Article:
Wednesday, August 24, 2011

Democracy is not freedom

I'm not as pessimistic as Peter Cresswell over Libya, because the country has never itself been a hotbed of Islamism, and there has been only scant evidence of Islamist involvement in the rebel movement.  Indeed, the loudest claims about Islamists have come from the Gaddafi regime, keen to scare its erstwhile Western friends into supporting Gaddafi.  Libya has had over 40 years of a regime that embraced Islam, but also pushed a secularist agenda based on Gaddafi's erratic Green Book.   Libya neither has the history of Islamism that Egypt has had, nor the poverty and sectarianism that have bolstered Islamism elsewhere.  Of course, I hope I am not wrong, yet there is a window of hope for Libya emerging.

I believe Libya will have a better future without Gaddafi, but let's not pretend that "liberation" of Libya means Libyans will be free - they will simply be less oppressed and have some freedoms that were denied them under Gaddafi.  For the oft-repeated statement "the Libyan people will now be in control of their destiny" or "the Libyan people will not determine their future" has been said in some form or another by the likes of Obama, Cameron, Sarkozy and others.

However what does that mean?

At best what they mean is that Libyan can become a democracy, and that Libyans can then vote for their government.  

However, ticking a box on a ballot is not being in control of your destiny.

A functioning liberal democracy (bear in mind that in the Arab world only Iraq can be said to come close to this) has to have certain core freedoms to function.  Freedom of assembly and association, so that political parties can be formed and operate, and for people to organise politically outside parties, are rather essential.   Freedom of the press and freedom of speech are essential for a proper contest of ideas to occur.   Almost as important are for the core functions of the state to operate objectively, so that when laws are enforced they do not target based on political belief, or when elections are held, the counting or management is not subject to corruption.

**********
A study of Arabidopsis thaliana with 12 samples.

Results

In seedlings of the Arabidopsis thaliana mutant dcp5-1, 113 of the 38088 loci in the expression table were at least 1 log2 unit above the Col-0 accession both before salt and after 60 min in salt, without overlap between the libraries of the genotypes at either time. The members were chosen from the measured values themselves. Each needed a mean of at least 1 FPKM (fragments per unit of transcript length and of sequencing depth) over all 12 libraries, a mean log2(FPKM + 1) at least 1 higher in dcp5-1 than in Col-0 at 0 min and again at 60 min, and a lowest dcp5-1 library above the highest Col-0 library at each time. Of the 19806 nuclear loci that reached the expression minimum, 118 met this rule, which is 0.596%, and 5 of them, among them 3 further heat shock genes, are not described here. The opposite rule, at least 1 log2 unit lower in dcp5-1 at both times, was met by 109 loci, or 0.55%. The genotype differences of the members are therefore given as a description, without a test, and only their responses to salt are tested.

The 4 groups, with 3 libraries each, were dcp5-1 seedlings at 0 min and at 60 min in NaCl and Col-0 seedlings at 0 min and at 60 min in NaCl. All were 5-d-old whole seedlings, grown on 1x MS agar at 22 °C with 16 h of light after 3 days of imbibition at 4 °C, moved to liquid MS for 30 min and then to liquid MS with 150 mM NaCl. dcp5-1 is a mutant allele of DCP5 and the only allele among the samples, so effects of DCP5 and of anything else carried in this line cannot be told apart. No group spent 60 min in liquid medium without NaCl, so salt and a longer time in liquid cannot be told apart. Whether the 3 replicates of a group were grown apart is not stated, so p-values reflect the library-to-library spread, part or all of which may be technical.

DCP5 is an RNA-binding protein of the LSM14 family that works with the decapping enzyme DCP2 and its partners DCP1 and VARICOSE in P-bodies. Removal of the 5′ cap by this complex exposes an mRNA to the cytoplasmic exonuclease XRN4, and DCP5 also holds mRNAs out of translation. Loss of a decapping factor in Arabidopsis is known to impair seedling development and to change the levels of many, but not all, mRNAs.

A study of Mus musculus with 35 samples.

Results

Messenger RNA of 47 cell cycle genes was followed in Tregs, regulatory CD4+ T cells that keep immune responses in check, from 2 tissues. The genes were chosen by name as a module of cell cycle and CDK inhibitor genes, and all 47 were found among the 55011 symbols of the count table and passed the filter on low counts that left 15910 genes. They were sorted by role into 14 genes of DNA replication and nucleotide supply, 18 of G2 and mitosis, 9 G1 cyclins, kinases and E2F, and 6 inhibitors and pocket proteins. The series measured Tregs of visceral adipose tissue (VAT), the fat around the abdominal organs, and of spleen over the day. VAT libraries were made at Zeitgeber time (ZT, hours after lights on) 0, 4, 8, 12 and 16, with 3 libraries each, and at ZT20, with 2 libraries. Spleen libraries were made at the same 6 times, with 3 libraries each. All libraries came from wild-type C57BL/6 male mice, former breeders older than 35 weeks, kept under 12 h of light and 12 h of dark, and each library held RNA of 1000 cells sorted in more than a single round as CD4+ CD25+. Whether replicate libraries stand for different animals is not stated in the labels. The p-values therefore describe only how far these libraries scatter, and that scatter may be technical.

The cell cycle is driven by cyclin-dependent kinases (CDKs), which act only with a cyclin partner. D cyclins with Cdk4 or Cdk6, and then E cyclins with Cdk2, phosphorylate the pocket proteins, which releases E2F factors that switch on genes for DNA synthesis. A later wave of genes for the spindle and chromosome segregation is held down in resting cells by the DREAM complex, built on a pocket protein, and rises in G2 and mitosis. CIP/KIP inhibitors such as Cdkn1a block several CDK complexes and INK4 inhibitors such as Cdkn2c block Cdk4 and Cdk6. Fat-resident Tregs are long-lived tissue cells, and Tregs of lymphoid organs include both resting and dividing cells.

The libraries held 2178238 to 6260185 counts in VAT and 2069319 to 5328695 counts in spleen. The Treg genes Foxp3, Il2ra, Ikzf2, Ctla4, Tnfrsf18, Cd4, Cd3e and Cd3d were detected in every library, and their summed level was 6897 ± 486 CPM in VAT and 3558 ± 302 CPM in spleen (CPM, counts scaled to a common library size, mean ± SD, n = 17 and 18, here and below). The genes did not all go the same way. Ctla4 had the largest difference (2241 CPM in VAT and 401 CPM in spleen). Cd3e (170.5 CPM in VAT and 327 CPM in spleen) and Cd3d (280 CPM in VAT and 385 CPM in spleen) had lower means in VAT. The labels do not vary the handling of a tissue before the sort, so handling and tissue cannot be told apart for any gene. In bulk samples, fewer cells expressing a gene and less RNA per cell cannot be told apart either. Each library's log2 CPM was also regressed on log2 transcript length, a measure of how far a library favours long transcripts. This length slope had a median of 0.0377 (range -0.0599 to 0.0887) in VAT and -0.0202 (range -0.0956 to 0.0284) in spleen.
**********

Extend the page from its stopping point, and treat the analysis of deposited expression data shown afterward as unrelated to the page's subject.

It would be a bold presumption to say that Libya is about to get all of that.  For even some ostensibly liberal democracies in Europe have struggled to manage this 20 years after the end of the communist bloc.

However, even if Libya appeared to have all of that, would Libyans really have control of their own destiny?

Unless Libya's future government is constitutionally constrained to protect Libyan's individual freedom, then all democracy will do is put their destiny in the hands of the largest number of hands.   You don't have control of your destiny, when your rights are up for a vote.

For example, will Libya protect apostasy?  It hasn't been a crime so far, but it is a serious criminal offence in much of the Muslim world, including Egypt (with the death penalty in many countries).

Will Libyan private property rights be protected?  Human rights advocates rarely care at all about this, yet it is about protecting the products of people's minds, which is essential for survival.

Will Libyans be entitled to live their lives in peace as long as they respect the rights of other Libyans to do the same?  Or will they face restrictions based on politics or religion?

The only way Libyans will have control over their own destiny, is when the word "they" means "each and every individual independently deciding how to live their lives" in peace with each other.

That could only come if Libya gained a government that existed not to initiate force against them, but to protect them from the initiation of force.   To ensure that under a liberal democracy, it would need a constitution to protect that.   I doubt that in the wildest dreams of most of the rebels that such an idea is in the minds of many.

Eliminating a totalitarian dictatorship, particularly one that was so outwardly aggressive towards other countries (though funnily enough you rarely heard the so-called "peace" movement decrying Libyan imperialism), is positive.  It is likely Libyans will have more freedom than they have had for a long time, but let's not pretend that they will have "control of their destiny".  

At best they will have a very small say in the government that will control their destiny.   It is like asking the slaves to vote on who will be their master.

1 comment:

Tribeless said...

Great post. Until we can get people to understand how our tyranny of the majorities are holding freedom back, the freedom movement will remain still-born.

(And, of course, the great thing about realising democracy is not freedom, is the knowledge that means we don't need damned politicians).